You want to start in a good mood. Dogs are very conscious of body language, so you don’t want to convey impatience or anger when training. This should be fun for both of you.

When teaching a new command, you should have a lure that your dog REALLY likes. It could be his favorite toy, or a delicious treat he just can’t resist..  Using the lure allows you to show the dog what you want, rather than using a leash to push or pull him into the desired position.  For most dogs a treat is the greatest incentive, but you know your dog best.  Mine is definitely food motivated. Liver/cheese training treats that I make are perfect.

Once your dog has started to respond to a command, you should be able to stop using the lure, and use verbal and hand signals. Hand signals should always be used with verbal commands. One, dogs are very observant of our body language and will learn these silent commands, and they are great to know if you are in a place where you want to quietly instruct your dog to do something, and if your dog becomes hard of hearing when he is older he will still respond to your signals. Just be sure to use the same signal each time you give a verbal command.  Start with bigger hand signals, and with time you can use more subtle hand movements. This bilingual training will “just happen”…

Training sessions should be limited to one or two commands. Start with a command your dog knows, and then add the new one. Always end the session with a command your dog can do well, so you end on a positive. Try to keep the sessions short-it is best to keep sessions to no more than 10 minutes for a puppy and 15 or 20 minutes for an adult. It can be difficult to set up regular training throughout the day, so doing short sessions i.e. during a commercial break, when you are feeding your dog, etc are great opportunities.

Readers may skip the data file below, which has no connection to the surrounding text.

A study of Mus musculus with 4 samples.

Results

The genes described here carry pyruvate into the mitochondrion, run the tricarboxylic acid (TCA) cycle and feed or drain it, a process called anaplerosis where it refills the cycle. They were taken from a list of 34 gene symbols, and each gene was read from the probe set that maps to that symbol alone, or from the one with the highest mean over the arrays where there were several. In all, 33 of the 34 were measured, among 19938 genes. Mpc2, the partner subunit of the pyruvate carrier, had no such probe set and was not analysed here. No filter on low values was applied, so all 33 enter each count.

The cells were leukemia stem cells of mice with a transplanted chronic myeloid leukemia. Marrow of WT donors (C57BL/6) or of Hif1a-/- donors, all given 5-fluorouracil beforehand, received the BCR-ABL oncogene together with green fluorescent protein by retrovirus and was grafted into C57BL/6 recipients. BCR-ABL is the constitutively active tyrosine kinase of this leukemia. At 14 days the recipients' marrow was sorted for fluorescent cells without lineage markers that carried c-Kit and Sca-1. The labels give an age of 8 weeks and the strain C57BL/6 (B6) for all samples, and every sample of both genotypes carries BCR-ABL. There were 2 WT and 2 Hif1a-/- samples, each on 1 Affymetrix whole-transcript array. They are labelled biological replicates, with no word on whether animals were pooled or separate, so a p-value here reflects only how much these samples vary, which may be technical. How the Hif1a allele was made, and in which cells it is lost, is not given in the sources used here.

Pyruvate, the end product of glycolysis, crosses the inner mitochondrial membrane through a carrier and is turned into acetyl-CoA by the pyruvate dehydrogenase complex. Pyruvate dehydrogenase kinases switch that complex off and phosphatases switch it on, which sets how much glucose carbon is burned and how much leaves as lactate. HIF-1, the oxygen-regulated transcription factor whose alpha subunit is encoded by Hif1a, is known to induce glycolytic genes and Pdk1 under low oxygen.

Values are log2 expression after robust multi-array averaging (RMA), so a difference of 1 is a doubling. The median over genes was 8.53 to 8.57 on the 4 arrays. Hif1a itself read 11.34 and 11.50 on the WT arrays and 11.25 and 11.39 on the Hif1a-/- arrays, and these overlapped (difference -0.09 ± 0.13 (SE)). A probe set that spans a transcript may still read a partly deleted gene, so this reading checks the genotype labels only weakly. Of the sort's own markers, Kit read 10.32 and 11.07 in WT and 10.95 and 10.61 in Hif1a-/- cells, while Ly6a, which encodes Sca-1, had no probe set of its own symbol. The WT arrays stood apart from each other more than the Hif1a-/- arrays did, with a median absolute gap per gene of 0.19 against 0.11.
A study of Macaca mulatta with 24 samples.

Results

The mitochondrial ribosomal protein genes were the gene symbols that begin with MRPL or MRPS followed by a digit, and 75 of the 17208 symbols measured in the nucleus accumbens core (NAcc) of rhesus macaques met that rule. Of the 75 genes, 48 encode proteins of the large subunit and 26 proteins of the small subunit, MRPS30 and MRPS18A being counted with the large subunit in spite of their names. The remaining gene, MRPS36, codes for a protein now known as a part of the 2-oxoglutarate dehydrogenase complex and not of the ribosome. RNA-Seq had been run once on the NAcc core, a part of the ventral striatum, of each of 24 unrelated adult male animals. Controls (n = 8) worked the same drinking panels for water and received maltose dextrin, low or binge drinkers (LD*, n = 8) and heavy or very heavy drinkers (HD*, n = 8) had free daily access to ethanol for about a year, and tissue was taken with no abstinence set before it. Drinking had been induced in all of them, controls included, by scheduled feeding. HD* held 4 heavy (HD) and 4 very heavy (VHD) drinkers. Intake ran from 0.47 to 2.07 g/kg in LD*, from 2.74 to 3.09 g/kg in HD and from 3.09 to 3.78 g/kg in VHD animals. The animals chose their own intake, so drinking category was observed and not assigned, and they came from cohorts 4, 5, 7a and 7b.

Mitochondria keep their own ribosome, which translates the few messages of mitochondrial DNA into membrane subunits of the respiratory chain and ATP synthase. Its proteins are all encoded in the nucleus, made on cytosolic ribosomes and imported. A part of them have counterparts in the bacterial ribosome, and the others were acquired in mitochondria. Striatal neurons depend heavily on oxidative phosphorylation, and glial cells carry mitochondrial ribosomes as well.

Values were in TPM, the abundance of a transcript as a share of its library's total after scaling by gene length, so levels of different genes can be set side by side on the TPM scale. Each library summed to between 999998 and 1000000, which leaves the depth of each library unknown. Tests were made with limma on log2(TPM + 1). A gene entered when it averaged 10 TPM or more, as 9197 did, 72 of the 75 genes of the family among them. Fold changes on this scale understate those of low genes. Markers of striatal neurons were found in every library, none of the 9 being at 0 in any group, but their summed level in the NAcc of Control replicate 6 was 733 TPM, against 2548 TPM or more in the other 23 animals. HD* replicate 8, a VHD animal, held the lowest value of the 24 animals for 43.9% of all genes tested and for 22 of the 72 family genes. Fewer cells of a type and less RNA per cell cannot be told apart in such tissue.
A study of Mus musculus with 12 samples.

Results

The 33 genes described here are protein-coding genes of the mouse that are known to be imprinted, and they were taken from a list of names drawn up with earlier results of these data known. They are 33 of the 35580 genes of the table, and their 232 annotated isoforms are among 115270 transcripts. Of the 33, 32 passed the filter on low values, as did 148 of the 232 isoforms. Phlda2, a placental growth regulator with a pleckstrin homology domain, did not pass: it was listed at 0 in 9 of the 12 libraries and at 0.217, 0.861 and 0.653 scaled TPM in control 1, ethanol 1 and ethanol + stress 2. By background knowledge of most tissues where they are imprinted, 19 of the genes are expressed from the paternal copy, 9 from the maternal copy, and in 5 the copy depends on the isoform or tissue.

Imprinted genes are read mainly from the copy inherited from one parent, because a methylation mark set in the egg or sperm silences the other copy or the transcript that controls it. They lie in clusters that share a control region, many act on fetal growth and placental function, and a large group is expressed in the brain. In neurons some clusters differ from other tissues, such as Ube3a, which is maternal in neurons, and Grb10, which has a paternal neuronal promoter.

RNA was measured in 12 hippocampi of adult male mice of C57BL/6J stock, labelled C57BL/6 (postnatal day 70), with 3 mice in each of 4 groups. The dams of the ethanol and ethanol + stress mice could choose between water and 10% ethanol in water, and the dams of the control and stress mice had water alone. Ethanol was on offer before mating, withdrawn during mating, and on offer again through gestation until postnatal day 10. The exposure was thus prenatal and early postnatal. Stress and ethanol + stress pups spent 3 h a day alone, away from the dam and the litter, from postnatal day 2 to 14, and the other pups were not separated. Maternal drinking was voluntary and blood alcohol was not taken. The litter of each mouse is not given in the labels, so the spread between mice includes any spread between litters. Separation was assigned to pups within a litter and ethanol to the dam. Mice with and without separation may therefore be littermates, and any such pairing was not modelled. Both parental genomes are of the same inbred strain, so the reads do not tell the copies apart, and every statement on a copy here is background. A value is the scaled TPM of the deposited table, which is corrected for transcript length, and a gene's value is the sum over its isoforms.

If your dog is having problems learning a task, break it down into steps. For instance, if you are having trouble getting your do to lower himself into the down position, use your lure to have him lower his head, then use the lure to get him to lower his shoulders and body until he is in the down position.

When training more complex behaviors that require multiple steps, teach the last part of the behavior, and then work backwards towards the initial steps.

Generally you only want to move to another commands when your dog can respond without hesitation. Always be patient, as dogs are all different, and different breeds have genetic tendencies that can affect the way they respond to you and their surrounds….try to get a Beagle to look at you when he is on a scent.  There are also different tasks that are more comfortable for your animals. For instance we have two Chihuahuas at our house.  Bessie, the more submissive, throws herself down on the ground for “down”. The more dominant dogs, Dahlia…..we’ll, let’s just say she is far more reluctant to do “down”, but she is great with the less submissive behavior “sit”.